In a previous article I reflected upon the decades of measuring customer experience that’s left the boardroom, and entire businesses, spending more time debating “what numbers to use” to measure customer experience, than “what actions to take” to improve it. In this article I want to close that gap by offering a set of questions that your leadership team needs to get answered - even if they haven’t yet asked. And indeed, if you are a member of the leadership team, these are the questions you should be asking.
Instead of discussing potentially abstract numbers like satisfaction, loyalty and advocacy scores, leadership teams must first measure customer experience in terms of its impact on strategic outcome objectives such as customer retention, positive referrals, revenue, profit, and cost containment. A leadership team using the dollar as their unit of customer satisfaction, combined with an actionable measurement methodology, will have the clarity needed to set reasoned priorities and justify investment in customer experience improvement initiatives.
If “customer experience” isn’t a scheduled leadership and board-room topic in your organisation, it may be because it hasn’t yet been given the vocabulary, metrics or agenda to make it measurable, accountable and actionable. So, consider what would happen if the leadership team in your organisation asked the following key questions about customer experiences. Would you have the answers?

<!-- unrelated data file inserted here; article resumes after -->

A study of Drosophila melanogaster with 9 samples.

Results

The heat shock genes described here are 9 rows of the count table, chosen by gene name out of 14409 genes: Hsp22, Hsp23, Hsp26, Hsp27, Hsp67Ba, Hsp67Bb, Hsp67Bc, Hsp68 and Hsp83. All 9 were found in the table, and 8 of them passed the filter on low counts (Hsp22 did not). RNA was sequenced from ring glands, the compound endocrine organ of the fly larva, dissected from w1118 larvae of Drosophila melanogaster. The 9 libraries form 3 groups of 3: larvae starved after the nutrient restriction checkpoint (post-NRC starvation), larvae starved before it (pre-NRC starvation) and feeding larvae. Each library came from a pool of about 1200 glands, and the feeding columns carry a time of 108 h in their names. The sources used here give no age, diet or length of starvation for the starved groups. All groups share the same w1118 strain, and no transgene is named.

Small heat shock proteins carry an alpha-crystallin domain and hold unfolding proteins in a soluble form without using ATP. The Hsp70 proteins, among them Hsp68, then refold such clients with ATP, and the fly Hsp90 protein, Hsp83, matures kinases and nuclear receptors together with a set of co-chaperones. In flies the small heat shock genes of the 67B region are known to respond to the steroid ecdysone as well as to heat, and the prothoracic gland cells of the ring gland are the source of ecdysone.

Questions from the Chief Executive: “Strategic risks, threats and solutions”
Chief executives need to have clarity on why customer experience is important and why it should be a priority with the executive team and the board. For customer experience to have enduring and meaningful executive and board-level buy-in, the chief executive needs to get the answers to the following questions:
- How does customer experience impact our organisation’s success?
How much does our current service performance
undermine our business,
potential growth, and our organisation’s strategic outcome objectives?
- What strategic improvements to customers’ experiences are most urgent?
- How can I justify this investment to our board and shareholders?
- What support can I give to influence positive improvements?
A chief executive, armed with the answers to these questions, will be empowered to set priorities and justify investment in customer experience improvement.
Questions from Financial leadership: “Financial risks and returns”
The financial leadership in the organisation needs a more quantitative assessment of the current risks and damage, and the potential opportunities from improving customer experiences. With a robust approach to expressing customer experience in financial terms, the following questions can be answered:
- How much future revenue is at risk from our current performance?
- How much wasted costs arise from our current customer experience performance?
- What is our potential return on investment in service improvement?
Financial leadership driven by these key metrics will find it easy to support customer experience improvement initiatives and be well-placed to monitor the results they yield.